Denise and Norm Olsen on their Richmond Hill property they bought after moving up from Sydney.
Denise and Norm Olsen on their Richmond Hill property they bought after moving up from Sydney.

CITY BUYERS MOVING INTO PROPERTY MARKET

By JAMIE BROWN

DENISE and Norm Olsen are part of a new wave of 'scene-changers' who found their bit of paradise just 10 minutes from Lismore.

And they are not alone. Lennox Head-based developer Chris Condon is putting his money on the northern slopes of the red soil ridge between Alstonville and Goonellabah as the location for the next big property boom.

There are several factors at play, with the latest, revealed yesterday, saying excessive property prices in the cities are forcing home buyers into regional areas like the Northern Rivers.

The Housing Industry Association says new figures from the Australian Bureau of Statistics show the population in regional areas is growing faster than most major cities.

Other factors include easier access from south-east Queensland, thanks to the upgraded Pacific Highway, and the ever-green lure of our moderate climate.

In January NSW Planning Minister Frank Sartor released the Government's planning strategies for coastal areas from Evans Head to the Queensland border.

If all goes to plan, a future increase of 60,400 people in our region will be focused on inland centres, like Lismore.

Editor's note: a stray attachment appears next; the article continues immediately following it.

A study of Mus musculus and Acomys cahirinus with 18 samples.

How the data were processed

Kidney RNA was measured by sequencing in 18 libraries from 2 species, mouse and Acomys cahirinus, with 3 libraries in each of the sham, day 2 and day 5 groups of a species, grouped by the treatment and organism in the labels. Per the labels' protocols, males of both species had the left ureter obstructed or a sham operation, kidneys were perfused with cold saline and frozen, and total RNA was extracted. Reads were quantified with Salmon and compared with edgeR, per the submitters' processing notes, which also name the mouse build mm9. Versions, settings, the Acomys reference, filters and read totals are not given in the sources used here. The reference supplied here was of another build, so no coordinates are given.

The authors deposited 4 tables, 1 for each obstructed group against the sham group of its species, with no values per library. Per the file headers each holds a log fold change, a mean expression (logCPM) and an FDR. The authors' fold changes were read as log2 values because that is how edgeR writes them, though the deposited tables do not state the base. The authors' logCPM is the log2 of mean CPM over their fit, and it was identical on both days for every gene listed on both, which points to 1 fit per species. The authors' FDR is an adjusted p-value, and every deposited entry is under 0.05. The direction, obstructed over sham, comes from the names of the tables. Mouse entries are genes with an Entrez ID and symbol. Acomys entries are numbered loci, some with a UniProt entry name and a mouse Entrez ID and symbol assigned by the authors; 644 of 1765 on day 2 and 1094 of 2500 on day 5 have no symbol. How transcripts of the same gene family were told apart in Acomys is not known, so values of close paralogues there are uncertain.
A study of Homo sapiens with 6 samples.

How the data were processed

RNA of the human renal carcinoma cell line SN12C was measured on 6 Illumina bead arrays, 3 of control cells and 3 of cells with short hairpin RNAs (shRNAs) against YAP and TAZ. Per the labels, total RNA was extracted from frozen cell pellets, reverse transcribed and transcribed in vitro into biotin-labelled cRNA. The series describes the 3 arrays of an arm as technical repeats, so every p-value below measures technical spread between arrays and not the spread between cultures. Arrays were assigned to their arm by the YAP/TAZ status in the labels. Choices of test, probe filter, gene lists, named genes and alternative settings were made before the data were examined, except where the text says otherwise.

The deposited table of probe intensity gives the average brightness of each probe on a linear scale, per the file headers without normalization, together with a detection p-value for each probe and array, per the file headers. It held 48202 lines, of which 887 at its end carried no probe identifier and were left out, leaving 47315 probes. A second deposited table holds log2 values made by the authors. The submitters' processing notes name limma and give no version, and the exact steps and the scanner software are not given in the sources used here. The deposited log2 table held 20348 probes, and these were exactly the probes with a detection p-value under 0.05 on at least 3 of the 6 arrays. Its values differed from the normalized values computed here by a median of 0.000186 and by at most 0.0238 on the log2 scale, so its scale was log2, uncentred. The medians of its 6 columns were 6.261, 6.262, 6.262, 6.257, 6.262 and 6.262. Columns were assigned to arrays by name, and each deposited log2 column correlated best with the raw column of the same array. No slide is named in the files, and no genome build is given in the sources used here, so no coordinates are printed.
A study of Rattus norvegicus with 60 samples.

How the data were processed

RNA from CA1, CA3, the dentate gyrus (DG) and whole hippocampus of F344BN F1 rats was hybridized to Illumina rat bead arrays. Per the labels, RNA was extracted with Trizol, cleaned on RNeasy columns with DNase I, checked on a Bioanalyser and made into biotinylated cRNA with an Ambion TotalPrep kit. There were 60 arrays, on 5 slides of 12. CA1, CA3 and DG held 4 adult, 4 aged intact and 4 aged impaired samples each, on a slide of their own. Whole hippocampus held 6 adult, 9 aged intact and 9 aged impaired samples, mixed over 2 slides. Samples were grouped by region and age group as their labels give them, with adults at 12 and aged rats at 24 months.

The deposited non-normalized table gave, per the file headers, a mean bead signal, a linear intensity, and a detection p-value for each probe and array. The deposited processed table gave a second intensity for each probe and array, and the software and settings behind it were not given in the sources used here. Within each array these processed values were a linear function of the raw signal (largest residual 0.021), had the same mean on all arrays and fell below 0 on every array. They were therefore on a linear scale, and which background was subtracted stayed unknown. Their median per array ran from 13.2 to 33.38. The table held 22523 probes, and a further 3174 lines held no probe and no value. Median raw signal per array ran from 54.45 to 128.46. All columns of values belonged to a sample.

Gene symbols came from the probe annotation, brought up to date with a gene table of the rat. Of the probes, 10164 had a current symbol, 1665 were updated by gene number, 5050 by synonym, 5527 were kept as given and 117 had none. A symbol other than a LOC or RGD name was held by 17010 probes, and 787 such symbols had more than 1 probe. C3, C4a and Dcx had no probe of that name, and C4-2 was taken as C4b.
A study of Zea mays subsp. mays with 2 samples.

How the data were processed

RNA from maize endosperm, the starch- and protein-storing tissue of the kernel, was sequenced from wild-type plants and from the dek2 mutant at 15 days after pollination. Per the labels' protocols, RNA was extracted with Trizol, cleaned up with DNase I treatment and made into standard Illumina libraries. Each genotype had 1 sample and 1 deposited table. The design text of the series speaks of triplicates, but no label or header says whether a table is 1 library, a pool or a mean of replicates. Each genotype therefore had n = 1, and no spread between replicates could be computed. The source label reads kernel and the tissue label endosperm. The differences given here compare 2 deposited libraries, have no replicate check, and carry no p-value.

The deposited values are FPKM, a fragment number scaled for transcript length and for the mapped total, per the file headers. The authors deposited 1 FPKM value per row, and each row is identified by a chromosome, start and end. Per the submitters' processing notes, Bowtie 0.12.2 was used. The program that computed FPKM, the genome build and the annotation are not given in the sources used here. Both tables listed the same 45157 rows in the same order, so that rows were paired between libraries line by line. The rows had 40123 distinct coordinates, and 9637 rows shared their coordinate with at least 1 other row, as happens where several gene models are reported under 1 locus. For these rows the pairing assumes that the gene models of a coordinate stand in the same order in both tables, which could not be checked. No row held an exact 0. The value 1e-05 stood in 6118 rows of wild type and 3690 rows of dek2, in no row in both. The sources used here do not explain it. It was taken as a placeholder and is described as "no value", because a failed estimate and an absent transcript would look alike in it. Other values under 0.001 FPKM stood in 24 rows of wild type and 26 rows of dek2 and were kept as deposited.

For the Olsens, Lismore is a hidden delight.

They moved from Sydney twoand-a-half years ago, keen to escape the increasing traffic and congestion of the capital city.

They searched from Yamba to the Sunshine Coast, before settling at Richmond Hill.

Their modern home, off Whispering Valley Drive, faces north with abundant winter sunshine and plenty of cooling seabreezes.

"Yamba was too quiet, while the Tweed and Sunshine Coast were just too busy, and nothing in Ballina excited me as much as this place," said Denise, who admits her love of rural views.

Denise and Norm have many friends locally. A number are fellow scene-changers who moved north from Sydney to escape the rat-race, and settled in the Goonellabah area.

As a result of these new residents our area is now feeling the impact of predicted change.

Developer Chris Condon sees increasing demand for property east of the Pacific Highway, along the coast, pushing up prices over the next two to three years.

As a result, he sees good opportunities for development from West Ballina to Goonellabah, with Wollongbar becoming the Alstonville Plateau's third village.

"Prices will force people west," he says.

Mr Condon has bought 148 hectares near Casino, but is not planning to develop it just yet.

Ballina estate agent Graeme Hellyar, of Ray White, says there is activity in Casino and Kyogle, with mainly local investment.

Fellow Ballina estate agent Peter Carmont said the typical sea-changer of a few years ago tended to come from the south, whereas more buyers were now moving down from the north.

He said that while Sydney experienced a property slump of up to 10 per cent in 2005, Ballina recorded positive growth of 3 per cent. Last year that figure climbed to 5.8 per cent.